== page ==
The rising private pension age
Is 57 the new 55?
The pension freedom legislation changes of 2015 saw private pension scheme rules relaxed for millions of pensioners aged 55 and over, allowing them to access their retirement fund and take an income with more flexibility.
However, along with this new flexibility came an announcement of a planned rise in the age at which you can access your private pension, from age 55 to age 57. From 2028, you will have to wait a further two years to can access your private pension.
Why is the private pension age changing?
The government’s aim is to allow individuals access to their private pensions up to ten years before they are entitled to start receiving their state pension. The state pension age is currently 66 but is due to increase to 67 between 2026 and 2028.
The government describes the changes in state pension age as ‘inevitable’, as data shows continual growth in the proportion of the UK population living to age 90. Therefore, changes must be implemented to help us fund an ageing population. There are further plans (those these are still to be confirmed) for the state pension age to increase to age 68 between 2037 and2039, which should also see a further increase in the private pension age, to 58.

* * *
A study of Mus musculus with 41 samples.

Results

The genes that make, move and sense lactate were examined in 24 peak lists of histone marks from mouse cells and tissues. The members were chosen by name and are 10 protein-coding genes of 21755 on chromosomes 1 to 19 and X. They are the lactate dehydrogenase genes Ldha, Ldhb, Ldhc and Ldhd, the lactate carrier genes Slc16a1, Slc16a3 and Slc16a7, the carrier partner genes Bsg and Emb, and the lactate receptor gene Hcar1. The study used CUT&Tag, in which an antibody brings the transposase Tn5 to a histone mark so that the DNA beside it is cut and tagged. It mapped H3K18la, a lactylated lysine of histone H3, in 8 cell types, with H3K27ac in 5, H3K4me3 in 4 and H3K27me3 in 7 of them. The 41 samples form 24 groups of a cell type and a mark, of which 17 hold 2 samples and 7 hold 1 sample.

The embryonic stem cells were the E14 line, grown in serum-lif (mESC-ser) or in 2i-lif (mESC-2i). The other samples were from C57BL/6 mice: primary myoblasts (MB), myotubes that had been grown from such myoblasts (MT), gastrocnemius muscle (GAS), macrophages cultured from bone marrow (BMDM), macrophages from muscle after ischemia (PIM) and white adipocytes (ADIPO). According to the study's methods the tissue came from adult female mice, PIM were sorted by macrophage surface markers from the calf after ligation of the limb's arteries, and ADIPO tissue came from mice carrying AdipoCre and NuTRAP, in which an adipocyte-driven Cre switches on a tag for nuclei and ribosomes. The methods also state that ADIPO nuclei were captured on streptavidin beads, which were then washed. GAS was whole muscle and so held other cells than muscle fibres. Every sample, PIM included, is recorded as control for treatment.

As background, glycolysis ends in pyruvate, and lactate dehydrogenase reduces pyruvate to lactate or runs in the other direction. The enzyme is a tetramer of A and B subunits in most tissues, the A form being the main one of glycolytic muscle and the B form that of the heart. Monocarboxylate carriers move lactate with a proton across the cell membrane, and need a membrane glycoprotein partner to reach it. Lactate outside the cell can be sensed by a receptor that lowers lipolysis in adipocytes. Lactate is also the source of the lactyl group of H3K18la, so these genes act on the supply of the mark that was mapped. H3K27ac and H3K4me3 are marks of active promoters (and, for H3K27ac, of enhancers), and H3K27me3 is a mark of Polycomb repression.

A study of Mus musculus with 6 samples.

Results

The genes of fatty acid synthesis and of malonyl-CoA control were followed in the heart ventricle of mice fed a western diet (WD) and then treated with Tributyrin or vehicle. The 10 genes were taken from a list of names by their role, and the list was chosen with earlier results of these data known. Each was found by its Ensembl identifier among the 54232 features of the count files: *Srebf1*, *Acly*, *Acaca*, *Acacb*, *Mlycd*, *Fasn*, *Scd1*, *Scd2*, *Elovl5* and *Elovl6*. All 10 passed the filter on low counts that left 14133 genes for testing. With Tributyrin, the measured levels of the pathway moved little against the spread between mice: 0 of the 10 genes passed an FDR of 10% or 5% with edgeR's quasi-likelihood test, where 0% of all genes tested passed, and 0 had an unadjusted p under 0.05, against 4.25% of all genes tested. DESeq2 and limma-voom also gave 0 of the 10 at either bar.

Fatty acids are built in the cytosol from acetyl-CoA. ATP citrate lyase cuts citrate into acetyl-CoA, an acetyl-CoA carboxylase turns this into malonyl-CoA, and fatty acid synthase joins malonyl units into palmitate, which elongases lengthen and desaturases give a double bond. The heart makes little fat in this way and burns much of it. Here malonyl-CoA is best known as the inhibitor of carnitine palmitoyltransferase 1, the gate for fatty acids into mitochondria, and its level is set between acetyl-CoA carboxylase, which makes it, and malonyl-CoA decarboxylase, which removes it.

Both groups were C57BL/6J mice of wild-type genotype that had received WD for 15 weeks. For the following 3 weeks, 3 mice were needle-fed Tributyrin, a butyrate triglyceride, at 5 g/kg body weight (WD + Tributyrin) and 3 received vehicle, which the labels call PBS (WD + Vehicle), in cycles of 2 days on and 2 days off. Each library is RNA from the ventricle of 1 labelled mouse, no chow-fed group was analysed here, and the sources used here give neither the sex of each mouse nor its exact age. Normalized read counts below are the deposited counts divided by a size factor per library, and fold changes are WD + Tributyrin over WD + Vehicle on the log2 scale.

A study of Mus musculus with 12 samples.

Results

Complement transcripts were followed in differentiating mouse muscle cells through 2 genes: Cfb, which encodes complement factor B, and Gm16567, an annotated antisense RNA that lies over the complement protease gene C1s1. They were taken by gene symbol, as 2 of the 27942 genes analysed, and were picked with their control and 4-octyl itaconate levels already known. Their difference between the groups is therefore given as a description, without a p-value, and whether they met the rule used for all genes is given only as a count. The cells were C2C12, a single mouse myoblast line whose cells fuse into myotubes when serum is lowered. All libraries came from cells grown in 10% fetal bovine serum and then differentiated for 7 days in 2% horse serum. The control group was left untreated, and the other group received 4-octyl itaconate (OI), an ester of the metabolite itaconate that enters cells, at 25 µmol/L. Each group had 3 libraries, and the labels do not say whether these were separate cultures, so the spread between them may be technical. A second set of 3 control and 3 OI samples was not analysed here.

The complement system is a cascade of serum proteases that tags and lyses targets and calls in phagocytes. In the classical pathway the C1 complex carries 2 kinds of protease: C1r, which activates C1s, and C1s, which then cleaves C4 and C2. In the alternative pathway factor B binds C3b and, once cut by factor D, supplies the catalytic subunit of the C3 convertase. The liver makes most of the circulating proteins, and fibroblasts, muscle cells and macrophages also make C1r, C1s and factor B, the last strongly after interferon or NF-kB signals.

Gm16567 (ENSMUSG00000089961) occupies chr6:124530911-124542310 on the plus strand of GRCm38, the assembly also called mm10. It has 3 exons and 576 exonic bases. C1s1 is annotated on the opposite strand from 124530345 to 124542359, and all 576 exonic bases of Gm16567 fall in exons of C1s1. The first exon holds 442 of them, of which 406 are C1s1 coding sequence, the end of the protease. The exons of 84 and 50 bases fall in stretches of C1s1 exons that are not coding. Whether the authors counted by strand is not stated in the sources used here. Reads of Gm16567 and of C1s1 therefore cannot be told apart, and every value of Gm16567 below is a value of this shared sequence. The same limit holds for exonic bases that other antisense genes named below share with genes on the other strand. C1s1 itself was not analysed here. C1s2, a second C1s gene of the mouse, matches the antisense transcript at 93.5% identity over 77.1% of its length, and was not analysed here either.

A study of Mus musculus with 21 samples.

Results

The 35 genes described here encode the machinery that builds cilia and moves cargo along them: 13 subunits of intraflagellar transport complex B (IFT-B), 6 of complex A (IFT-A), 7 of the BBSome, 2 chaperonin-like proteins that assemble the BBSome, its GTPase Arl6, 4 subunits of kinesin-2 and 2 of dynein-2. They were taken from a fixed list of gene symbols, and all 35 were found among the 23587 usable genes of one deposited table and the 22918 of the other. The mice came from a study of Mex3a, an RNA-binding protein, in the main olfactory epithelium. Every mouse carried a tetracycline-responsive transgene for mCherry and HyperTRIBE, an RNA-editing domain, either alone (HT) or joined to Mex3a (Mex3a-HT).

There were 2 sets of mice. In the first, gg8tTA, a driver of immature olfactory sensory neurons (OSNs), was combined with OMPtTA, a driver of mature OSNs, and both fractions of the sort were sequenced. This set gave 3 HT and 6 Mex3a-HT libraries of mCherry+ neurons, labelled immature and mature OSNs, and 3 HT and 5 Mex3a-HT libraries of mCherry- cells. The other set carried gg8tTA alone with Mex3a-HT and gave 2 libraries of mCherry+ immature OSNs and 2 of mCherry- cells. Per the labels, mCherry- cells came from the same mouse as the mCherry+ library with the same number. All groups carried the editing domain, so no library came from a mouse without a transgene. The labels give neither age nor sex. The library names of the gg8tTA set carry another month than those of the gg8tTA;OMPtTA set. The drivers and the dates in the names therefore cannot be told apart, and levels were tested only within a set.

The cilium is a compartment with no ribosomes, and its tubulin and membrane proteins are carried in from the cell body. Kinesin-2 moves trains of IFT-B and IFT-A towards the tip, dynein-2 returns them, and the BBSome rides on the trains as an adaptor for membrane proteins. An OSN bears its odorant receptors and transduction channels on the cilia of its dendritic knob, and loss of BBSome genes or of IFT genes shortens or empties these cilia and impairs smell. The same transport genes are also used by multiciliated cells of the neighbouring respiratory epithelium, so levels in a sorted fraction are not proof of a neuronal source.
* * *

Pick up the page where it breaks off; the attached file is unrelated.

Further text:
Who is affected by the changes?
The above changes do not affect public sector pensions, but any individual with a private pension who is currently aged 49 and under will have to wait a further two, possibly three, years before they can access their private pension. Individuals who are currently in their late 40s who planned to retire or access their private pension at age 55 may now be unable to do so.
Of course, some individuals may have other wealth which would allow them to stop working. A financial planner can review your finances holistically, and advise on whether this is an option for you.